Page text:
Nursing home and bed sores what are my options?
Just a little over a million people are currently residing in nursing homes within the United States. The good news is that most of them get good care. Unfortunately, however, due to overstaffing issues, inadequate training, incompetence, or indifference on the part of care givers sometimes nursing home residents are injured.
Recently on our legal forum a user asked, “If my mom is in a nursing home and I have noticed that she is suffering from severe bed sores is this a case of nursing home negligence, and if it is, what can I do about it?”
Although what is happening to your mother is horrible, the good news is you do have several steps you can take to ensure your mother’s care meets the legal standard required by nursing homes.
What is Nursing Home Neglect?
The first step to ensuring your mother is adequately cared for is to understand what nursing home neglect is and the legal duties required by the nursing home facility.
Nursing home neglect can include any action or inaction on the part of the caregiver which does not rise to the level of care expected, which is generally defined as what a “prudent and reasonable person would or would not due under similar circumstances.”
If this sub-standard care or negligence injures or harms a patient in the care of the nursing home there may be reason to consider filing a civil claim against the nursing home.
Another issue to consider is whether the actions at the nursing home may move past what would be considered negligent to actions which are willfully or grossly negligent.
For example, we have all seen videos of employees yelling or screaming at nursing home residents, or worse, physically or sexually assaulting them. Obviously, any actions considered criminal, such as an assault, are more than negligent and should be immediately reported to the police for a criminal investigation.
Bed Sores and nursing home neglect
Now, back to bed sores…
Patients can be neglected in a variety of ways. The most common ways include failing to provide healthy social interactions, failing to provide basic medical care, neglecting care for a patient’s basic hygienic needs, or failing to provide food and water.
Bed sores can be related to several factors so let’s take a closer look at what they are and how they are caused.
Bed sores, also referred to as pressure ulcers, can develop when the skin has constant and prolonged contact with a bed or wheelchair and the circulation or blood flow is slowed or stopped. Unfortunately, they can be very serious, often leading to infections of the skin or bones. They most commonly form over areas of bone, including the heels, hips, or tailbone.
Causes and prevention of bed sores
As mentioned above, bed sores can develop for many reasons. Although neglect could be factor, other risk factors could include smoking, lack of pain perception, urinary or fecal incontinence, malnutrition, dementia and diabetes. Despite why bed sores occur, however, there are several steps that can be taken to prevent them:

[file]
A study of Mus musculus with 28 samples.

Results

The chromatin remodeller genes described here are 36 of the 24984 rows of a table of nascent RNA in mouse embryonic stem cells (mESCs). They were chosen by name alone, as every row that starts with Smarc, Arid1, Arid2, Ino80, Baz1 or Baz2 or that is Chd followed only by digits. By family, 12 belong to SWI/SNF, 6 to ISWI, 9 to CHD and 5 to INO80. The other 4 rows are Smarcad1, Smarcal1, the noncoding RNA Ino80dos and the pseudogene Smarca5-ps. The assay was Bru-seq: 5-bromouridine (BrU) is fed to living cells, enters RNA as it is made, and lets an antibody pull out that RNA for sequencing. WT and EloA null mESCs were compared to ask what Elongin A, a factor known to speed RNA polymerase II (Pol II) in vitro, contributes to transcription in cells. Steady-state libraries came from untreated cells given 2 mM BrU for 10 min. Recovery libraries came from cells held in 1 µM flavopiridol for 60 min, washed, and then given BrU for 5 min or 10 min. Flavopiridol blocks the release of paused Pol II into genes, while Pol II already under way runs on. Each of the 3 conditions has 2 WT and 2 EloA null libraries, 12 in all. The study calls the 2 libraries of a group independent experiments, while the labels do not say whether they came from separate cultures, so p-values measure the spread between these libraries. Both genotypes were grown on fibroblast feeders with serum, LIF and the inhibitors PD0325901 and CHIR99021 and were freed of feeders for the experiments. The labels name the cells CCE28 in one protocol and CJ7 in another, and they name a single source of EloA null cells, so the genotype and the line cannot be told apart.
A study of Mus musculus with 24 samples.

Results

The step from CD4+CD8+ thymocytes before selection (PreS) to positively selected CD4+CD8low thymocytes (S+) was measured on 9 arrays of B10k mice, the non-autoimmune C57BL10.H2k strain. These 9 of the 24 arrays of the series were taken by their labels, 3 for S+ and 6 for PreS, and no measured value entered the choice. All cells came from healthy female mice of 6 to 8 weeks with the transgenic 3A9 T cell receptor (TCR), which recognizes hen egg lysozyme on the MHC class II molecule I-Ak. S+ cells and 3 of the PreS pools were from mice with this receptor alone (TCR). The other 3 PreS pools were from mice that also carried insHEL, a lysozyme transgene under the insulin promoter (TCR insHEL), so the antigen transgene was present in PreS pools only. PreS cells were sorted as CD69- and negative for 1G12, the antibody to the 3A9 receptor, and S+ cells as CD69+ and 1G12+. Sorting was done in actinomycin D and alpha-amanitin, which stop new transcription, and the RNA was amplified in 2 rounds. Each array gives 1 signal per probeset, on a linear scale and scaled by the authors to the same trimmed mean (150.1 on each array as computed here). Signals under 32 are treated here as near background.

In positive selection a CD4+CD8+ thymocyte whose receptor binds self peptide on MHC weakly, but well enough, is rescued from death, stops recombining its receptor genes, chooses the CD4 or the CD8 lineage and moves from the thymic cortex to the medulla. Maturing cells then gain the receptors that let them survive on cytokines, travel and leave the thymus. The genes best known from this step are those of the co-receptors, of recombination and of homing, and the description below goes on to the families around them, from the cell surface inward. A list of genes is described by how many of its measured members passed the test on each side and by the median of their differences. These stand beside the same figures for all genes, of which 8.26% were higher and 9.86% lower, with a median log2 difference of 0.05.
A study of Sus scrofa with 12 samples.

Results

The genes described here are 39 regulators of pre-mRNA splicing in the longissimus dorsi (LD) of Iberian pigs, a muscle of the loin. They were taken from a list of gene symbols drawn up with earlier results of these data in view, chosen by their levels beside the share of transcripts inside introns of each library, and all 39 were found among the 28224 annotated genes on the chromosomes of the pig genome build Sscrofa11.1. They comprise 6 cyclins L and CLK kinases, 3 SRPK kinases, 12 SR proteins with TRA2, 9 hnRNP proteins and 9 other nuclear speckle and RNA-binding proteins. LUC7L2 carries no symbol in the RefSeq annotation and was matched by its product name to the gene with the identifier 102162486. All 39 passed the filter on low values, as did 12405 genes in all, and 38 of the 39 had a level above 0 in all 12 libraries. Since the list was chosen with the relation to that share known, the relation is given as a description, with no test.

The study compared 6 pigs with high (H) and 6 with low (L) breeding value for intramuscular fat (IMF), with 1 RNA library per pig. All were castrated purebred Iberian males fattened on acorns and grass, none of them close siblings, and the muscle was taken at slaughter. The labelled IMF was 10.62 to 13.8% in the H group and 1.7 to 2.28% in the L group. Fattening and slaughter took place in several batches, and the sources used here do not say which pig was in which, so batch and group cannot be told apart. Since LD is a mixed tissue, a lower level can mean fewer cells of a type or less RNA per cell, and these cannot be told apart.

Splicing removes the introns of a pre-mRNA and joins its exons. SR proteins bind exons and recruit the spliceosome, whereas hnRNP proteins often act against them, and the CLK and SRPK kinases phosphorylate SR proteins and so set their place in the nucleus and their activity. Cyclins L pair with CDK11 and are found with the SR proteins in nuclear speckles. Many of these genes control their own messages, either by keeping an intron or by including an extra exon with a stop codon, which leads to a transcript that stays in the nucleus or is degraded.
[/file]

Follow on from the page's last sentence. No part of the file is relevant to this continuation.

-Ensure the individual is consistently repositioned. Although repositioning should occur every 30 minutes to 2 hours, this could be unrealistic in a busy nursing home.
-Consider purchasing special equipment such as a special bed or mattress that can be adjusted on a schedule.
-Verify that the staff of the nursing home has a process for inspecting and detecting bed sores at the earliest possible stage.
If the bed sores are already present, steps need to be taken to more aggressively treat them, including evaluating the patient’s nutrition, ensuring there is a regular wound and treatment process, discussing coordinated efforts with the doctor and physical therapist, and frequently changing the dressings on the wound.
Bed Sores and negligence
Now, back to the user’s question about whether or not her mother’s bed sores may be a case of negligent care. Although bed sores may be an indication that the nursing staff at a nursing home may be negligent in caring for a patient, it’s not the only cause.
If you have concerns about your mother’s care it’s time to talk to the nursing home administrator, familiarize yourself with the federal regulations which outline how bed sores should be prevented, documented, and treated, and review your mother’s nursing home history on the Medicare website (www.medicare.gov).
Filing an injury claim against a nursing home
If you have taken all the necessary steps and still feel that your mother’s care is substandard, it may be time to talk to an injury lawyer who specializes in nursing negligence claims.
Remember, nursing homes have a legal and potentially a contractual duty to provide a certain standard of care to their residents. Failure to provide this care can open them up to civil negligence claims.